Our two year old is going through this funky crying, throwing a fit stage. Actually so is our 16 year old. But, the two year old has always been pretty mild mannered. He’s kind of gone with the flow and has been pretty joyful most of his short life. Lately, though, he’s been crying at the drop of a dime. He throws things, crosses his arms, puts his head down and pouts. If it weren’t so cute it would be completely unbearable.
We’ve tried to reason with him. Yeah, that doesn’t really work out. Have you ever tried to tell a child in the middle of a fit that there’s no need to cry? Or explain to them that they can’t always get what they want? Children’s reasoning is that they want it now, they should have it now.
We live in a culture that encourages us to stay as children. After all children can be controlled- told what to do, what to think and if they don’t fall in line they can be disciplined. Now, we won’t be spanked or sent to time out but our discipline is social- we can be shunned, mocked and bullied.
Children are dependent on others- they are not allowed to provide for themselves or make life decisions for themselves. But, it’s not even that they are not allowed to provide for themselves- the thought would never even enter a normal child’s mind. They just assume someone else will take care of them.
Our culture has taken the innocence out of childhood and replaced it with something perverted. There are “adult” cartoons and “children’s dramas”. The line between adulthood and childhood is more blurred than at any time in modern history. The idea of adolescence is a new idea that once meant the ages of 12-18. Now, it is understood that adolescence will extend from the time someone is 9 or 10 into someone’s mid-late 20’s.
The institutional church* continues to reflect the culture in wanting it’s members to stay as children. Sadly for some of the same reasons as the culture. We hear statements like “have a childlike faith not a childish faith”. This is typically understood as an innocent trust that God will love us and provide for us. We do not have to question His goodness. But, it ignores the reality that we do have questions that demand answers. Instead of providing depth to our faith it keeps it shallow. And a shallow faith will not, it cannot, endure the heat of trials.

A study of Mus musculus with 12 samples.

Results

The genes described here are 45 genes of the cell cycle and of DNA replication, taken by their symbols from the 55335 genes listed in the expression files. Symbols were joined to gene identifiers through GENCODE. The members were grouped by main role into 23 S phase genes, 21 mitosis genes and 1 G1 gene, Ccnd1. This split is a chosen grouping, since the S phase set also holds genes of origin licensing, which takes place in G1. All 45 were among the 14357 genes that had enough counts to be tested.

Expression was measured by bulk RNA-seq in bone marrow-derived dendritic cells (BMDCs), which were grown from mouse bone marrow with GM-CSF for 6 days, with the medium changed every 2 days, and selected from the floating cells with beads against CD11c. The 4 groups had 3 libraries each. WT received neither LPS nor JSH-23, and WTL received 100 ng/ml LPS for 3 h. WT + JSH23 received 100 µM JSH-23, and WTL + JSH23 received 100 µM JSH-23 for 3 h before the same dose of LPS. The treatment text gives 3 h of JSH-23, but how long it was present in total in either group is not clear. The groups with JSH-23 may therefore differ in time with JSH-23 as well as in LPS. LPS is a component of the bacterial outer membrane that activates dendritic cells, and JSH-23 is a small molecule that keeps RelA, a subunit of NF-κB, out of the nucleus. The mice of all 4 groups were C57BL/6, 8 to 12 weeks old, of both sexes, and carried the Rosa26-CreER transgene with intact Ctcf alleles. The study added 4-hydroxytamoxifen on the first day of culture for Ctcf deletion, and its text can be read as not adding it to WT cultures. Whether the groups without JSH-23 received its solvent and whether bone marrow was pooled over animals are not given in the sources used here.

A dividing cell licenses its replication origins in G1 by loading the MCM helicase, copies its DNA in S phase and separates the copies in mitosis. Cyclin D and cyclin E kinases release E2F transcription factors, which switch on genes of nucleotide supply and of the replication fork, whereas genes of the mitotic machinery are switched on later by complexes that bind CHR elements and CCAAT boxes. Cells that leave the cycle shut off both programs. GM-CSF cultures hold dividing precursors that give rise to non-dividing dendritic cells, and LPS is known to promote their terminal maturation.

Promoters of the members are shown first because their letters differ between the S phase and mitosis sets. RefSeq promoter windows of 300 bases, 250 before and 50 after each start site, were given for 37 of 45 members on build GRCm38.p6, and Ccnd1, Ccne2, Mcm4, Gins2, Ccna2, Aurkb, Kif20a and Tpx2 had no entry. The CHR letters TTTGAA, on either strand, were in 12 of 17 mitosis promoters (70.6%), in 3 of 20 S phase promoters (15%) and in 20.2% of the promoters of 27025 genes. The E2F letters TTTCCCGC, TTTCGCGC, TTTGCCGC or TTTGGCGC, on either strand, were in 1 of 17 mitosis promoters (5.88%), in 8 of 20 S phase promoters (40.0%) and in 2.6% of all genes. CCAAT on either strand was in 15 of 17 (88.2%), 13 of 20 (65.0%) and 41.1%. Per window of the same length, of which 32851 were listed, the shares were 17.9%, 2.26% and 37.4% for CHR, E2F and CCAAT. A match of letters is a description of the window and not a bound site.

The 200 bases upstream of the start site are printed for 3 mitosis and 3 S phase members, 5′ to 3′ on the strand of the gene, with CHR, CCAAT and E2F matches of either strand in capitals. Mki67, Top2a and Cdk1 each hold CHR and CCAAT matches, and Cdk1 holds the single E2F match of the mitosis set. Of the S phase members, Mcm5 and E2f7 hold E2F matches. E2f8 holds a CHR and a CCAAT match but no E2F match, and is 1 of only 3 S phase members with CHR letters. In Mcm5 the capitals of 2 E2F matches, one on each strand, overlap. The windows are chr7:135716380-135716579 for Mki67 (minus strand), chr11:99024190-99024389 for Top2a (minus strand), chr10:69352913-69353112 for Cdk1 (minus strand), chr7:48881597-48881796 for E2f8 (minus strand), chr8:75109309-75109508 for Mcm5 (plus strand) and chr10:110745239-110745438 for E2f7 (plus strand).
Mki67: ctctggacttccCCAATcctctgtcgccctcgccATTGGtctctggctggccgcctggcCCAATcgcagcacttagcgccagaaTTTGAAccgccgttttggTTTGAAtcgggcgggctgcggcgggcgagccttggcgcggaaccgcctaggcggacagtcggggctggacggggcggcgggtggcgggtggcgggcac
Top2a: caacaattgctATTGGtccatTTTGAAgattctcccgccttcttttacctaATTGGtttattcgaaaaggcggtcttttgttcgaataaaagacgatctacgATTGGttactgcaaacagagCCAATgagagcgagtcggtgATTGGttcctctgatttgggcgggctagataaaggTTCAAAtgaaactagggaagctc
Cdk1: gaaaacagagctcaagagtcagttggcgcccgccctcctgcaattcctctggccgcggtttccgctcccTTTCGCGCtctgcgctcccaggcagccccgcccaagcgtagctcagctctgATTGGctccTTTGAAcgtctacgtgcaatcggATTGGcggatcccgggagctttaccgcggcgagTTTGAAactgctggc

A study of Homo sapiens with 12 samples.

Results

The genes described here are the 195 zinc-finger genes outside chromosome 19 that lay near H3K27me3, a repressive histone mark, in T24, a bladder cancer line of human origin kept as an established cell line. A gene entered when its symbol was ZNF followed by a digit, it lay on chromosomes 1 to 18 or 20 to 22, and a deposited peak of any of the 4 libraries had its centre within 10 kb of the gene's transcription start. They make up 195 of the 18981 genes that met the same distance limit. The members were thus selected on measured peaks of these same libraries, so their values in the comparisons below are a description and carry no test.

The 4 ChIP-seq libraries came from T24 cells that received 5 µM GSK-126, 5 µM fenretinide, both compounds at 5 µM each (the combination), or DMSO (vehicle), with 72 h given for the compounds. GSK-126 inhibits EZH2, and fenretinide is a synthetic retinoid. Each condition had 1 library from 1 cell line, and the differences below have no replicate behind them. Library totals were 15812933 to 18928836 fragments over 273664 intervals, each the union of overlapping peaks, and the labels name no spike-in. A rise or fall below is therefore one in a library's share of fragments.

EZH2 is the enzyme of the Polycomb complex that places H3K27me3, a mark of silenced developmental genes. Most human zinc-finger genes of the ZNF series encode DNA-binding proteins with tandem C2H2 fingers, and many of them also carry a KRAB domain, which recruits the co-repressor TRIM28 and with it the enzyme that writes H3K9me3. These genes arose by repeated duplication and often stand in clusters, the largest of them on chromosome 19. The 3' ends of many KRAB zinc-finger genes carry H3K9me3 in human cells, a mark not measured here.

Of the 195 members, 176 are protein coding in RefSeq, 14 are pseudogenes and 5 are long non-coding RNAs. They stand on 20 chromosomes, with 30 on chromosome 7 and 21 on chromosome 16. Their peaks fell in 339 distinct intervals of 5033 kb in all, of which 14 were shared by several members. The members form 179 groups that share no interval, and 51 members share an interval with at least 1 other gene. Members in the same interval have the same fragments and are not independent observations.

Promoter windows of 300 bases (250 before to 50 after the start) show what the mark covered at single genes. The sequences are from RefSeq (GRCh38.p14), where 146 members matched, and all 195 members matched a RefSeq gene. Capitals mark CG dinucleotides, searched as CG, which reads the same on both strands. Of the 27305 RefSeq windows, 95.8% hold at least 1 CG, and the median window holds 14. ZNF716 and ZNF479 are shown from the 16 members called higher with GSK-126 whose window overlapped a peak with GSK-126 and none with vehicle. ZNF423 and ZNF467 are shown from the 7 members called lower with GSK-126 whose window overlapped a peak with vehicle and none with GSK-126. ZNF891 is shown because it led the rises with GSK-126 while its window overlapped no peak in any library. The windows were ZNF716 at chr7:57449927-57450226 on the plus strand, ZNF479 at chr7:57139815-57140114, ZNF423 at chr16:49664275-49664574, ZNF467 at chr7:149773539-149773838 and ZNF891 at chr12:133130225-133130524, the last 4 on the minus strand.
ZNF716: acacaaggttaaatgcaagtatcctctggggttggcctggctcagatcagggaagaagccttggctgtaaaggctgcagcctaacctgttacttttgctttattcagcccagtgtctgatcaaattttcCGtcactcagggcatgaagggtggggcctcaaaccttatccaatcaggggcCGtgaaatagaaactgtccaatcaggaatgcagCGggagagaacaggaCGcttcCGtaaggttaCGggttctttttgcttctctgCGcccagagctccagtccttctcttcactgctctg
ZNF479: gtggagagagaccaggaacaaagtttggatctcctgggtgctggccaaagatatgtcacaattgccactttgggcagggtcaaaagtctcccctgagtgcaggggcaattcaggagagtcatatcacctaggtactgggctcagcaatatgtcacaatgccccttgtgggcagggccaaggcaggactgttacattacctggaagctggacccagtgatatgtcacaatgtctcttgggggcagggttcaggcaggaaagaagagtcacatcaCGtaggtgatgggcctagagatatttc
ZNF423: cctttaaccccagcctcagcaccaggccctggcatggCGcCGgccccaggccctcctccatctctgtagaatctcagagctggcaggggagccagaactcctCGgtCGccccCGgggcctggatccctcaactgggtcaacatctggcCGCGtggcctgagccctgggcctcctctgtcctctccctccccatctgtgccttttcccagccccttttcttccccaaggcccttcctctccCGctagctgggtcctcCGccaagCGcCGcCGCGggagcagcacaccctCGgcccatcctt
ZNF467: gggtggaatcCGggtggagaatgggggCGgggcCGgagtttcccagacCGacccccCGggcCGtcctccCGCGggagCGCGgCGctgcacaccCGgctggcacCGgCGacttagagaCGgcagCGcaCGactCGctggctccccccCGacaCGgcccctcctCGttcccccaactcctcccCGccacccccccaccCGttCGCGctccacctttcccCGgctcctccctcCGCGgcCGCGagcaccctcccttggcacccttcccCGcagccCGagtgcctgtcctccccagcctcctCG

So, how do we grow up and not just get old? What childish ways do we need to put behind us? No one admires an adult child- they seem funny on TV and in the movies but in real life they are scorned. And no one admires an immature, shallow faith.
I think one way that we grow up is by recognizing what childish things we still hold onto. For me, it’s in the form of a prideful and unteachable spirit. I have been told that there are times that I might come across like I know everything. This has been somewhat out of insecurity and somewhat out of a superiority complex.
Over the past four years I have been around people that I would normally have never been around in a vocational ministry setting. I always thought I would be a “full time pastor”. I could never have imagined that I would be selling HVAC equipment. But, it’s humbled me and challenged me to really live out my faith in a whole new way. I have had to learn from people that I would normally think that I’m better than. Actually two of the people that have helped me most over the past 10 years have been managers at my current job.
I was even having a conversation with my teenager where I was telling him that I’ve learned from him and the talks we have about faith. When I was a youth pastor I cannot remember a time when I really thought I was learning from a youth. I was inspired by their enthusiasm, humbled by their generosity and encouraged by their faithfulness. But, I can’t remember ever thinking that I had anything to really learn from them.
So, that’s one way I’m growing up. I don’t want to be a product of a childish culture or a childish faith any longer. I want to have a strong, vibrant adult faith that also completely trusts in God and His goodness. What about you?